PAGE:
IT services giant EDS
said on Thursday that it would return to television advertising after a yearlong hiatus with a small campaign targeted at high-level executives.
The ad push, with spending reportedly under $10 million, involves the first TV ads EDS has run since the 2002 Winter Olympics. Unlike that campaign, which featured nearly a half hour of ads during the 17-day event, EDS’ current push will be stretched over the rest of the year, with select placements during sports events.
Minneapolis-based Publicis agency Fallon Worldwide designed three TV spots that will begin running today on USA Network during the Byron Nelson Championship, which has EDS as a title sponsor. The Plano, Tex.-based company will stick to golf with spots running throughout the year during PGA golf tournaments televised on USA and CBS. Spots will also appear during ESPN SportsCenter.
Before shying away from TV advertising, EDS made a name for itself with clever Fallon-designed spots that relied heavily on humor to communicate the company’s complex IT offerings. In 2000 and 2001, EDS won raves for its Super Bowl commercials, which featured “cat herders” one year and “running with the squirrels” in another. The past two Super Bowls, however, EDS has chosen to sit on the sidelines.
The three new Fallon spots, like earlier EDS ads, use metaphors to communicate the value of EDS’ complex offerings. However, the spots mark a shift in tone: the fun-loving mass branding of its earlier campaigns has been replaced with a more buttoned-down, targeted approach that communicates EDS’ reliability and value during rocky economic times.
“With EDS, it’s about finding simple ways to illustrate the wide range of services it provides,” said David Lubars, Fallon North America’s president and executive creative director.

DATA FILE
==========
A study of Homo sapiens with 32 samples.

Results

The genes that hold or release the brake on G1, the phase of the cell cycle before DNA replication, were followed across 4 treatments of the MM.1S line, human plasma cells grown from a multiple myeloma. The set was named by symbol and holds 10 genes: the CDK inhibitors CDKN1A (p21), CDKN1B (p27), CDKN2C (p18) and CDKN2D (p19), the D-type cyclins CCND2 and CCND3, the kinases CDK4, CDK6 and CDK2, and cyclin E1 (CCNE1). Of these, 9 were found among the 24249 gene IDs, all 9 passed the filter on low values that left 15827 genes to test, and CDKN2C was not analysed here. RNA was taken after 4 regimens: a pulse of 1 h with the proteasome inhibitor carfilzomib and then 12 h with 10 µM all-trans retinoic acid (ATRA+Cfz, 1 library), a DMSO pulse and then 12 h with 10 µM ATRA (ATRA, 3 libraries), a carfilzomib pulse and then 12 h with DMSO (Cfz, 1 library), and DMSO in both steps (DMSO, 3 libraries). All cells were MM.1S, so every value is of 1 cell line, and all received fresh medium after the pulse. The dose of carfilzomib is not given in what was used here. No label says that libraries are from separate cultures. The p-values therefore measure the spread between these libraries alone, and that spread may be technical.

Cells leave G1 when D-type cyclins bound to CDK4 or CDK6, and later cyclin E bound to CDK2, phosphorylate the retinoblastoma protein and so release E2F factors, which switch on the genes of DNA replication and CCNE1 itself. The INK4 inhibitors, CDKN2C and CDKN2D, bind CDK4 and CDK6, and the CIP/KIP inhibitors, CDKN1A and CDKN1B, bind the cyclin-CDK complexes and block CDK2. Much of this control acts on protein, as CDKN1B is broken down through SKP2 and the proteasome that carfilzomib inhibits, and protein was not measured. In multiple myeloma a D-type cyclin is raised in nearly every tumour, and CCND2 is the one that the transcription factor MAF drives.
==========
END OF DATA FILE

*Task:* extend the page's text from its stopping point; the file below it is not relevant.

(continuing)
In one spot a forklift struggles to get where it needs to go, only to be scooped up by a larger forklift that takes it there. Another commercial shows a car stalled on train tracks just missed by an ongoing train. While the driver and passenger celebrate, however, another train destroys the car.
The print component of the campaign began running last month in The Wall Street Journal. The simple, text ads take a compare-and-contrast approach using cultural icons. In one ad Pong is at the left side of a line that runs to “Something out of the Matrix.” EDS is aligned with the Matrix, in contrast to the early-edition video game. Other creatives use comparative text like “Survivor Contestant” and “Grand Chess Master,” and “Piggy Bank” and “A Swiss Bank Account.”
The small, targeted approach EDS is taking stands in contrast to the huge push being made by IT services competitors like IBM, which rolled out a $700 million to $800 million ad campaign last October to support its “On Demand” initiative. HP followed with the rollout of its $400 million “Everything is Possible” campaign the following month. Last week, HP earmarked one fourth of its ad budget for a “Demand More” retort to IBM.